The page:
Eighty percent of Americans experience low back pain at some point in their adult lives. According to a study in the journal Spine (Sept. 1, 2009), yoga therapy can reduce pain and improve function in people with chronic low back pain. Chronic low back pain is defined as pain that lasts more than three months and is often difficult to treat.

Yoga helps manage low back pain by strengthening and lengthening the muscles of the lower back, reducing inflammation and increasing circulation. A regular yoga practice also improves posture and body mechanics which can help relieve pain and prevent injury.

Here are a few different types of back pain, many of which can be helped with yoga therapy, somatic movement, and gentle yoga practices.

Acute Strain
An acute strain is often caused by trauma, injury, overstressing or overstretching the muscles. Strains typically give rise to mild to moderate pain, muscle spasms, decreased muscle strength, and reduced range of motion.

Chronic Strain
Overuse, prolonged repetitive movement, and stress are some of the many causes of chronic back pain. A yoga practice that includes spine lengthening, back bending,restorative postures, and rotation can often help heal a strained or stressed back.

Herniated Disc
A herniated disc happens when the nuclear pulposus, the inner material of the disc, pushes through a tear in the disc’s membrane, and compresses the nerve exiting the spinal cord. Clients with a herniated disc might experience pain in their back or leg, stiffness, weakness, numbness and/or a shooting sensation down the leg.

Sciatica occurs when the sciatic nerve becomes compressed. Inflammation and stenosis (narrowing of the spinal canal) are other common causes of sciatica. Compression of the sciatic nerve can cause one sided numbness, tingling or pain in the sacrum, buttock and back of the leg.

Piriformis Syndrome
Often thought to be sciatica, piriformis syndrome presents many of the same symptoms as sciatica. However, the cause of the pain is not typically related to a herniated disc or stenosis. Instead, it is attributed to tight piriformis muscles (deep muscles in the buttocks) that are pressing on the sciatic nerve.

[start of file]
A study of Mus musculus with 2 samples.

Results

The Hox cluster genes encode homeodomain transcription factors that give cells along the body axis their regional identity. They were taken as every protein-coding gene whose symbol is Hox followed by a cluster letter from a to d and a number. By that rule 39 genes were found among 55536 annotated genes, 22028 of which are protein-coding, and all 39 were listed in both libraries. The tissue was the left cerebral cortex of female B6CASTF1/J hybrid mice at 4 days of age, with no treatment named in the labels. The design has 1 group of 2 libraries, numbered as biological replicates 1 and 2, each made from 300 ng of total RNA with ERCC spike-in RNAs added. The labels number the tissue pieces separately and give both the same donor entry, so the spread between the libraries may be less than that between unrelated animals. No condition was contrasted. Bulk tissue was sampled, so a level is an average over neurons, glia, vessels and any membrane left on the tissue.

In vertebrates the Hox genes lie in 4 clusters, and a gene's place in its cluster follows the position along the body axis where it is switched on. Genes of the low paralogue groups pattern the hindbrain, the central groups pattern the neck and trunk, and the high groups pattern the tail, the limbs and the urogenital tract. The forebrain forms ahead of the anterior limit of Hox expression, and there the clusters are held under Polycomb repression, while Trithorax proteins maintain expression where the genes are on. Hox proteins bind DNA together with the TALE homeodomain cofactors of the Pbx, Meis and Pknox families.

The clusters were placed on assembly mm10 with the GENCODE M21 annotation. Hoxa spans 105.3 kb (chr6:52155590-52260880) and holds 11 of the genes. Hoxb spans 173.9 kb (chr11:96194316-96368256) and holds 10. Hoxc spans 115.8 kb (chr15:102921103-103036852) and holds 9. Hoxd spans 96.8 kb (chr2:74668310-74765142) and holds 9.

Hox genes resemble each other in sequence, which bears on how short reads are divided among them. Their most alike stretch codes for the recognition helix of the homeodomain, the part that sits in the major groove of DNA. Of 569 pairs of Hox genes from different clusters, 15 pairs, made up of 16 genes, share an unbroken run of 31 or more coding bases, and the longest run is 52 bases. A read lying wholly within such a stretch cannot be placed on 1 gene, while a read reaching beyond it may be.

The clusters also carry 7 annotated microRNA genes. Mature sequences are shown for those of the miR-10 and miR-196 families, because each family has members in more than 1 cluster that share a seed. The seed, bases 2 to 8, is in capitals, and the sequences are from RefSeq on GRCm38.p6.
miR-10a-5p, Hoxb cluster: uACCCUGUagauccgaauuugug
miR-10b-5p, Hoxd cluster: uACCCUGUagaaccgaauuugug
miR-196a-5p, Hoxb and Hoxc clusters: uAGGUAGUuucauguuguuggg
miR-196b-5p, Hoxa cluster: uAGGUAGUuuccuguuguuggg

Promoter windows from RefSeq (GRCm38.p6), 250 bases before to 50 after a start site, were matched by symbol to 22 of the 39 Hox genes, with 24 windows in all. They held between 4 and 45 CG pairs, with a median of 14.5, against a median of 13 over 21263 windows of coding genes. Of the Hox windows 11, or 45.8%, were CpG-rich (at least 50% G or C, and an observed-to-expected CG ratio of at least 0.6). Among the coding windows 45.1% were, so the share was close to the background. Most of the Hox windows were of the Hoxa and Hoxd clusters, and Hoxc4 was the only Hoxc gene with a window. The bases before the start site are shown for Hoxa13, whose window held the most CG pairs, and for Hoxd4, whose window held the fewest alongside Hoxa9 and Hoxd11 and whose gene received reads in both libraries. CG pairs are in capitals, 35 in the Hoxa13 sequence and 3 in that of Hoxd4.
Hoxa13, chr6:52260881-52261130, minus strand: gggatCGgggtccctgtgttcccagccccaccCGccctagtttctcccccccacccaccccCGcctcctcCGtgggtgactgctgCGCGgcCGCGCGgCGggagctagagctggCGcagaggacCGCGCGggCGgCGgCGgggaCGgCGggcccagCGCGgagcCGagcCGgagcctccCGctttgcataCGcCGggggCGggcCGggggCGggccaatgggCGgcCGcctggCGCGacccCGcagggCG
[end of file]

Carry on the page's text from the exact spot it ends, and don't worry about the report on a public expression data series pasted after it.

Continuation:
When one vertebra slips over a lower vertebra due to a fracture or congenital defect it is called Spondylolisthesis. This condition may lead to spinal cord or nerve root compression, back pain, and numbness or weakness in the legs.

Bone and Joint Diseases
Osteoporosis, ankylosing, osteoarthritis are all considered bone and joint diseases and can cause degeneration, bone fractures, stenosis, inflammation and spinal nerve compression.

Here are some general guidelines for using yoga as a tool to support pain relief.

If you are experiencing acute pain, stay away from yoga (or any movement modalities) for at least 48 hours or until the pain has subsided. When practicing yoga if there is any pain, numbness,or tingling, stop immediately.

Be sure to move into your poses slowly, mindfully and with the breath. Stay in your postures for 30-60 seconds or longer and practice slow, deep breathing while holding. Be sure to end your practice with rest. Place a folded/rolled blanket/towel or bolster under your knees to support your back.

If you’d like more support for managing back pain, consider joining my friend Lisa Gulotta and me for our Muscles, Bones & Breath: Loving Your Low Back workshop on January 24th from 2-4pm MT.

The workshop is offered by donation and via Zoom. You can register at HERE

Note: If you have acute pain or are currently being seen by a healthcare provider for a back condition, please check with your provider first before attending the workshop.